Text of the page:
Continuing our series of Icelandic blog posts, here we go into one of the most incredible features of the island, and that is the many geothermal hotspots. I'm going to show two main areas here, but there are many, many more due to Iceland being on a fault line.
Hotspots, springs and geothermal areas are dotted across Iceland, and can come and go without warning. People in the town of Hveragerdi have hot springs in their back gardens, some even spring up under their houses!
This geothermal activity allows the Icelanders to harness it's power to their own ends. Not just geothermal power plants but also personal bore holes to heat individual houses. There's a reason Iceland is now of the least polluted places on the planet, and that's from the lack of anything (except cars) that burns fuel. For visitors this offers two notable treats, one being the super clean air which feels fresh and great when out for a hike, the other is the visibility. Almost no haze allows you to see for miles, great for photography and embracing the island itself.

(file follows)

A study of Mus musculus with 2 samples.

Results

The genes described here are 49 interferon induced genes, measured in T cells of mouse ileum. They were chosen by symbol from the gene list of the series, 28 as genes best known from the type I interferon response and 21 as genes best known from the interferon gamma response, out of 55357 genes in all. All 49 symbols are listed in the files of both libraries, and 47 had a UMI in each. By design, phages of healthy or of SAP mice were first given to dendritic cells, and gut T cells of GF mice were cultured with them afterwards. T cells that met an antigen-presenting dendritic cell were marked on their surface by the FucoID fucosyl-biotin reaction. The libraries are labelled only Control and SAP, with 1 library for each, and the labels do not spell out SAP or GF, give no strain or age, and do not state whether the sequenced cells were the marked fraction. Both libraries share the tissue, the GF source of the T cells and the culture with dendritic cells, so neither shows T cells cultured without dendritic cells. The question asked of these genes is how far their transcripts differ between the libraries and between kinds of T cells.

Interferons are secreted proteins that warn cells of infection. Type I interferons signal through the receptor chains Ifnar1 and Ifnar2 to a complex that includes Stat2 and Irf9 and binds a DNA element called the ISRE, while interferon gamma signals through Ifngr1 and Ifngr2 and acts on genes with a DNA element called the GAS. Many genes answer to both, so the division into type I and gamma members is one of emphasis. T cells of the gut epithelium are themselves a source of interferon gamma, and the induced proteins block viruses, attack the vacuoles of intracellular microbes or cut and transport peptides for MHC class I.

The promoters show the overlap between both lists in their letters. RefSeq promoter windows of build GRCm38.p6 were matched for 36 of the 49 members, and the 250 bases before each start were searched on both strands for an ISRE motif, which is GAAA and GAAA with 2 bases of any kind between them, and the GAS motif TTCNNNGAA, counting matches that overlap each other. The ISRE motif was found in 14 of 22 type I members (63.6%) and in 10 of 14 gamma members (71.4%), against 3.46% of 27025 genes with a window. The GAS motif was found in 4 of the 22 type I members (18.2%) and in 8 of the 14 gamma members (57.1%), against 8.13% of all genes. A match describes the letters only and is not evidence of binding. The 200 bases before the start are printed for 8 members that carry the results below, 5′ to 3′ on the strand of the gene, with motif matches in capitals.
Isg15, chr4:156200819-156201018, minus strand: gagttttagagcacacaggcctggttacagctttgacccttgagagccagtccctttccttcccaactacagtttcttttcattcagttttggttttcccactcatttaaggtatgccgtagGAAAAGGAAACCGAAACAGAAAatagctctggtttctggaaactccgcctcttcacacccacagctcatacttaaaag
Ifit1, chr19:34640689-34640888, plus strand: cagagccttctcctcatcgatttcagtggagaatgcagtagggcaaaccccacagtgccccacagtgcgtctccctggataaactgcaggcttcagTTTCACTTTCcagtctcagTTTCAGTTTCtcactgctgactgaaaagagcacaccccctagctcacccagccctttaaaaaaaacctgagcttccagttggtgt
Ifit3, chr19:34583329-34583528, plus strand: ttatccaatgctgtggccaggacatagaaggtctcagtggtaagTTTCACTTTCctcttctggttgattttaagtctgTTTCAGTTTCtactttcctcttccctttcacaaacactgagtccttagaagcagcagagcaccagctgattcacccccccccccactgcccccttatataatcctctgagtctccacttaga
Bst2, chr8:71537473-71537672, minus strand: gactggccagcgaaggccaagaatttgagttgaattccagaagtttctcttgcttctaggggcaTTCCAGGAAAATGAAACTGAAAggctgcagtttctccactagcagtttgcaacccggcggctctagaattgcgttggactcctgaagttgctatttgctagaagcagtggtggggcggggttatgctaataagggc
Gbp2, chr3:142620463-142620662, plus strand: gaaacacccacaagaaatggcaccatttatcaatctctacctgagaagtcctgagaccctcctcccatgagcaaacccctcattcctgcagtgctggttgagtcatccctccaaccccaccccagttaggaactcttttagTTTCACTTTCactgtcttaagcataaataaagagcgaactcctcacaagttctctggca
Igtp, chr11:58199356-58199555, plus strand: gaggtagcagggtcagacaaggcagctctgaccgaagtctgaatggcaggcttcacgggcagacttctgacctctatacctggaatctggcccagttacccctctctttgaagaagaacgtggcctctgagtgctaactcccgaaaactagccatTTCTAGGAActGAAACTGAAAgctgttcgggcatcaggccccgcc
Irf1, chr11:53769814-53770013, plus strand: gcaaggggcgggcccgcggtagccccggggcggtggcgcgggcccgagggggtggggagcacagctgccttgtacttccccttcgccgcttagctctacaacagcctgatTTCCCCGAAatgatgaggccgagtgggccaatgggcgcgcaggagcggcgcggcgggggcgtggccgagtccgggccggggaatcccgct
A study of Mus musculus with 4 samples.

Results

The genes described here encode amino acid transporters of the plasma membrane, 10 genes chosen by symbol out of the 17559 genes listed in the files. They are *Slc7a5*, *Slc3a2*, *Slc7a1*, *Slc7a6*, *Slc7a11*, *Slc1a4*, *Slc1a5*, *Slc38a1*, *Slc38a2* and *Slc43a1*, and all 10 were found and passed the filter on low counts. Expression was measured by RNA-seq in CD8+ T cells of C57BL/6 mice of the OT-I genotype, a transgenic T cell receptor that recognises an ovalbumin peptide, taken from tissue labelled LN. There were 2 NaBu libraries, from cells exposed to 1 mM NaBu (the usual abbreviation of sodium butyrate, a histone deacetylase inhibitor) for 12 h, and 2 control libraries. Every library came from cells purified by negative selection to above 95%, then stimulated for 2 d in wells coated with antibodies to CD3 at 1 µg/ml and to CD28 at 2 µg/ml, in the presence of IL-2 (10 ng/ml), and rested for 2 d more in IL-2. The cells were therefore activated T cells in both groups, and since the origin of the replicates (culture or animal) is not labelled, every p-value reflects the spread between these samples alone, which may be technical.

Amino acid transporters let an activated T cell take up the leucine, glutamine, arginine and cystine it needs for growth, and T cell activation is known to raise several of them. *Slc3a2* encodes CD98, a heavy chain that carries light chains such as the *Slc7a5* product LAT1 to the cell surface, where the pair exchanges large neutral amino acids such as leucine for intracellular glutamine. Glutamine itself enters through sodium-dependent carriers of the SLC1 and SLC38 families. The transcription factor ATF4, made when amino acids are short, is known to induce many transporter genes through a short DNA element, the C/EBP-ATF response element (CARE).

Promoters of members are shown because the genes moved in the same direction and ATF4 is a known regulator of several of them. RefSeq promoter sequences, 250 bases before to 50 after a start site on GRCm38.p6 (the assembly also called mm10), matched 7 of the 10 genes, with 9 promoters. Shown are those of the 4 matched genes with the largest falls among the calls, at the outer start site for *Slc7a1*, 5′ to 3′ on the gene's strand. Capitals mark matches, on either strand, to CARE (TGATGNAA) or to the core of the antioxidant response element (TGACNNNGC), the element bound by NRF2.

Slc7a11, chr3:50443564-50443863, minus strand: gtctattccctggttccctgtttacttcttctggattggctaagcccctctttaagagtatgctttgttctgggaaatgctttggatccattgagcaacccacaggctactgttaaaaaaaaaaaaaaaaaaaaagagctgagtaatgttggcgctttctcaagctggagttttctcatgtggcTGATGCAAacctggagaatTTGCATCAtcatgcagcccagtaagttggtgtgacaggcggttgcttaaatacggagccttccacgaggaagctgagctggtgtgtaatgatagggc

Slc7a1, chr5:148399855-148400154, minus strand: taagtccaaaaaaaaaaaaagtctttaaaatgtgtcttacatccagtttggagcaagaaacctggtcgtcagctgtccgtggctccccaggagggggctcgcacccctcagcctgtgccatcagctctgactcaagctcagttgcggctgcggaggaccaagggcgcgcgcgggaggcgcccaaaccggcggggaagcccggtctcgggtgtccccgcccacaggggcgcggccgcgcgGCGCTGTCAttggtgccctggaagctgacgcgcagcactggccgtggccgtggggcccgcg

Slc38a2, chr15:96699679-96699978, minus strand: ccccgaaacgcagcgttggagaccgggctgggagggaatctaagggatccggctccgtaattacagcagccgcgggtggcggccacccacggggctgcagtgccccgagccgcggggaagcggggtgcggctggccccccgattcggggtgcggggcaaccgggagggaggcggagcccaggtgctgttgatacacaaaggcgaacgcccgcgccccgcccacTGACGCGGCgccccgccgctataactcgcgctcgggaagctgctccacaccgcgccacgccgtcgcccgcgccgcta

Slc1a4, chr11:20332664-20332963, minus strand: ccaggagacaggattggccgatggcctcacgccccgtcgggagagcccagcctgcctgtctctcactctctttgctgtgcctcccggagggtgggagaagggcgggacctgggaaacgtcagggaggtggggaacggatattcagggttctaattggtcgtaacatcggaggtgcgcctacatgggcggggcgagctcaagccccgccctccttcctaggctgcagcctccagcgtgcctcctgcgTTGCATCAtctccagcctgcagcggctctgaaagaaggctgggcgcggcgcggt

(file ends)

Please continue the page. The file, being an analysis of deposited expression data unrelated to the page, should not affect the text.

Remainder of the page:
Below are two maps to the areas I've been to. These are the Geysir Park on the golden circle tour, and Krýsuvík in the Reykjanes peninsula. Both are fairly easy to get to and have parking, they used to be free but the Geysir park now charges for entry (600ISK, about £5). Be prepared to have your breath taken away, especially at Krýsuvík as the air is a mix of methane, sulfur and chlorine. It does feel a bit like you're being poisoned, but don't worry it's harmless in small doses.
As the signs say these areas are prone to eruptions and explosions, this also means they won't be here forever. Famously the main Geysir at the park (from where all Geysers get their name) stopped erupting some years ago due to underground geothermal shift.
So see them while you can, especially 'Little Geysir' at the park as it's spectacular. Erupting about every 10 minutes, eventually it will stop.
If you have been to Iceland then get in touch!